I have had sempervivum growing in my gardens for many years, and they are one of my very favorite plants. Often called houseleeks or by the more common name of hens and chickens, these hardy perennials have thick, fleshy leaves and grow in rosettes. Many people grow sempervivum in dry, sunny locations because they require so little moisture, but I have also had great success and much larger plants when I grow them in regular fertile garden soil. The name sempervivum comes from the Latin words semper, meaning “always,” and vivus, meaning “living.” Each plant usually grows for several years before flowering, but once it does flower, the plant dies. Sempervivum can be propagated by division, by seed, or by planting the little offsets that each plant produces. Flowers are shades of pink and red and sometimes yellow. There are many different types of hens and chickens (Sempervivum tectorum)… here are a few of mine, including some descendants of hens and chickens that grew in my mother’s garden and also before that in my grandmother’s garden.



I just have a few of these, not nearly as nice or as many as yours, but I really enjoy them. They are so easy to grow. Nice pictures btw.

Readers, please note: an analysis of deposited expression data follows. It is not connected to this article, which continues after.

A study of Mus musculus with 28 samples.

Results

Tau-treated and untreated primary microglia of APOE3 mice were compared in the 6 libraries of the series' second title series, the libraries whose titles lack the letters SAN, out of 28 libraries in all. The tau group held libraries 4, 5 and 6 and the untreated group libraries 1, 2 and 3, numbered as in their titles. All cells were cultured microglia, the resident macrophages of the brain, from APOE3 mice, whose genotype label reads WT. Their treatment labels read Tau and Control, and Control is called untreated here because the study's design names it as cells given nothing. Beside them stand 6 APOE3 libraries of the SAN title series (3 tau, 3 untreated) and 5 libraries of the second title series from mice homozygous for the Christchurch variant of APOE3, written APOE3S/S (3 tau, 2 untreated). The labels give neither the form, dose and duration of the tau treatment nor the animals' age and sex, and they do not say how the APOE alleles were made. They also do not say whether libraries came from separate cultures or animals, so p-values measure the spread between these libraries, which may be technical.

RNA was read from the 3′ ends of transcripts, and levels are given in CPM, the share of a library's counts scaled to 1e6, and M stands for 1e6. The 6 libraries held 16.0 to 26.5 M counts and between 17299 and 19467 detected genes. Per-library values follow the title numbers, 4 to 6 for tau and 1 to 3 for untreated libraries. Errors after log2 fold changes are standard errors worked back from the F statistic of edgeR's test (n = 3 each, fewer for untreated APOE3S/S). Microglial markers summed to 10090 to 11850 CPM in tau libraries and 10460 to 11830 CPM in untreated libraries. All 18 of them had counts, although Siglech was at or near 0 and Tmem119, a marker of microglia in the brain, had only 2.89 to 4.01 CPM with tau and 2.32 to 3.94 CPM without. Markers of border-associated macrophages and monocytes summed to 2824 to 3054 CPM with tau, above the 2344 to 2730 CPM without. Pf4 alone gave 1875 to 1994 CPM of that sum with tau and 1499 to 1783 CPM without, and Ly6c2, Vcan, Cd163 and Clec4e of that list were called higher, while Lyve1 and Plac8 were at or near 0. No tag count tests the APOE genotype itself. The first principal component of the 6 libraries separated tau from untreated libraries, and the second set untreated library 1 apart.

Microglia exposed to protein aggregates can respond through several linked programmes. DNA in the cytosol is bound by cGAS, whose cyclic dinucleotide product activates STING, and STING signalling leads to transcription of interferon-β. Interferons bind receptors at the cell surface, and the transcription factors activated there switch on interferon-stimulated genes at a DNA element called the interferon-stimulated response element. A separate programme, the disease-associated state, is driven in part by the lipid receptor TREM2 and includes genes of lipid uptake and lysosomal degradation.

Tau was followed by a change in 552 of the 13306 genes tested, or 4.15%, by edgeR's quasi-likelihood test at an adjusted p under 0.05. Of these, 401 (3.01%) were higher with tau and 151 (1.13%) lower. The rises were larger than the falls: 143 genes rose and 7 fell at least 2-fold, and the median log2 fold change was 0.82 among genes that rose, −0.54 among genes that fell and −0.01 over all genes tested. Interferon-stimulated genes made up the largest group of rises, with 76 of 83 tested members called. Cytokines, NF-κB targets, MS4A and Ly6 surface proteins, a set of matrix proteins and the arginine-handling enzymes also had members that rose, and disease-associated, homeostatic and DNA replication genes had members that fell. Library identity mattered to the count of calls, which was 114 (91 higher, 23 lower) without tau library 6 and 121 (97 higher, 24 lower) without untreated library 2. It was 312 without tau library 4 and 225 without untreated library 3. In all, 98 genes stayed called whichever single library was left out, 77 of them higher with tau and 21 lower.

I never knew these grew in such a variety of colors shapes and sizes. I’ve seen hens and chicks but I guess I was always picturing the plain green variety that my mom always had in her garden by the back porch. I have to say you’ve peeked my interest and I might just pick up some of these at the local garden store this spring.


Does the hens and chick in photograph number 5 have a name? That is a very unusual looking one and I would like to see if I could find one to buy.

Shirley (Choosing Voluntary Simplicity)

Geoff, that one is called Oddity. I have some other pictures here, and more information if you’re interested.


I’ve enjoyed reading about your beautiful chicks and hens! I’ve recently fallen in love with these little plants- but by the time I got around to looking for one to buy at our local nurserys, they were mostly home for the summer. I did find a single sempervicum tectorum plant, (a hen if you will,) and I’ve got it planted in a container. Will this small, single bloom multiply into chicks? and how long does that typically take?

Thanks so much!

Shirley (Choosing Voluntary Simplicity)

Sara, it really depends on the individual plant. Some will produce babies when they are still tiny themselves, and others will go years without producing any babies at all. I have never been able to fit sempervivums into any kind of a schedule… even the ones that bloom and then die don’t seem to do it all at the same age.